Track By Track : King Llama - Return To Ox

By John A. Wilcox

Prog fusion rock stuff. Fun serious music. Serious fun music. King Llama's Return To Ox is all of that and more! Llamas Ryan Tanner Bailey and Nico Staub take us track by track...

Track 1: Blobo
RTB: This is the most recent composition on the album. In a sense, it represents an evolution of our sound, as we expand our creativity and our sense of experimentation. It might eventually turn out to be the beginning of a much larger composition. The original name was Bloborobliflablingdong.

Track 2: Mighty Ox
RTB: The longest composition on our album. It has a very live feel to it, and is reminiscent of a classic 1970's Fusion Rock sound. It is a very adventurous track, showcasing dynamics and mood changes, which is a hallmark of the band's sound . It was named by the guitarist's step daughter, who was 9 at the time.

Track 3: Sensei
RTB: This composition is a relatively new addition to the band's arsenal. It fuses elements of jazz with heavier rock tones, and very driving and powerful drums. There are quick mood changes from odd time rock to jazz and R & B, and subtleties of Hip Hop. It was originally going to be called Round House Kick after a hilarious moment, when Nico accepted Ryan's challenge to do one, but forgot he had the wrong shoes on, to say the least. He almost busted his ankle, and earned himself a song title!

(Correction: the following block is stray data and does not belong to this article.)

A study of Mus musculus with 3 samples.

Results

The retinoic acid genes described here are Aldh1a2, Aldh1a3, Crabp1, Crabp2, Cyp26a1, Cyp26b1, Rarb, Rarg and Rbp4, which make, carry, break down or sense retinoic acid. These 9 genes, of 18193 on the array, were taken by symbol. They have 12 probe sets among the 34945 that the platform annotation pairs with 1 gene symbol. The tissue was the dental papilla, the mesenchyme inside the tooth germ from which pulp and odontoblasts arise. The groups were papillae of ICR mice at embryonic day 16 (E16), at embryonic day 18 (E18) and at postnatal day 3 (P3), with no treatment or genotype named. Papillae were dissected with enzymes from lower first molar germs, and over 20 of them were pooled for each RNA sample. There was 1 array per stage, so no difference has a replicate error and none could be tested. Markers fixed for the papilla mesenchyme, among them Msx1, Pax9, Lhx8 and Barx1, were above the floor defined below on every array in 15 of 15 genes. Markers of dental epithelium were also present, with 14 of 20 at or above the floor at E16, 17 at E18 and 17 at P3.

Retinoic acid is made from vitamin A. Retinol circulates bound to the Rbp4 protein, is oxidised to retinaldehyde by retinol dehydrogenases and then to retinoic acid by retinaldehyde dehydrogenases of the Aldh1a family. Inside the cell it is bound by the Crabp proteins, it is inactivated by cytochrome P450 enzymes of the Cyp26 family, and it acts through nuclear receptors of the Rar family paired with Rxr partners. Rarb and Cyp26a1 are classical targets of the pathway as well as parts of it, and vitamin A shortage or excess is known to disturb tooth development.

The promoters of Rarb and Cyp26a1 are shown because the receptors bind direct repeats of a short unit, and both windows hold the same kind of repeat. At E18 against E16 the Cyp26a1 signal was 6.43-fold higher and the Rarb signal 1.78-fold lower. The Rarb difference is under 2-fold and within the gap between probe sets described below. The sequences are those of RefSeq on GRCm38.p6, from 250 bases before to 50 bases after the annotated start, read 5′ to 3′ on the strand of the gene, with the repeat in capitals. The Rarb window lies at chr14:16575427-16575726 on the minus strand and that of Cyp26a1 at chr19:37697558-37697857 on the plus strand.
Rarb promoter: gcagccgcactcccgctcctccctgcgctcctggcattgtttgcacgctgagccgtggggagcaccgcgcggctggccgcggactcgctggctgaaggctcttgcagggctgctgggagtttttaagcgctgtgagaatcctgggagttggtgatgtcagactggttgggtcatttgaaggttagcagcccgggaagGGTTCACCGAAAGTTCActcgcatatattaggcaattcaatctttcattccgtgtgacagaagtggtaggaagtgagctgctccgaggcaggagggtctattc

Track 4: Just The Tip
RTB: This track is another lengthy composition with a big sound, and somewhat similar to a Phish instrumental. It features lengthy guitar melodies and guitar and drum solos with a characteristic "jam" feel to it. It is a very "live" tune. Conceptually, it is also a very old tune, and has gone through many evolutions of structure to become what it is today. The name is humorous, as the composition - especially live - is rather lengthy. If this is just the tip, where is the rest?

Track 5: Call Me Elmo
RTB: This composition thrives on odd time, polyrhythmic, and progressive approaches, with many surprising mood shifts. It is a loud angry track in moments, and harmless as a kitten in others. One of our oldest tunes, it came together quite quickly, mostly through inspiration and excitement. It is a regular favorite to the live crowd, and is considered a classic King Llama tune.

Track 6: Smoking In Ergenzingen
RTB: Sonically there is no overall time signature, and all the parts are written to be more of a story or a score. It is a very mood-driven piece.
NS: Ergenzingen is a small village, population 2000, in south west Germany, in the outskirts of the Black Forest. I spent 3 weeks there, and the bridge of the song came from the melody the ticket machine at the train station used to make. I used to chain smoke there, waiting for the train in the German winter... Ergo Smoking In Ergenzingen.

Track 7: Cap'n Mustard Hair
RTB: The first composition we ever put together. Cap'n Mustard Hair set us our path and put us where we are. It is one of our most adventurous tunes, and features a plethora of catchy melodies and dynamics.

Track 8: Hershey Highway
RTB: This cosmic composition is an "oldie but goodie" for King Llama fans. It has an old school '70s fusion vibe with catchy odd time melodies and changes. It makes a usual appearance on the set list. The bass end is handled with an electric distorted guitar and octave effect, and has a driving guitar feel to it.

Track 9: Stogies N' Juice
RTB: Classic old school fusion with aggressive and complex melodies reminiscent of '70s, driving drum and bass, and moody moments similar to Pink Floyd's.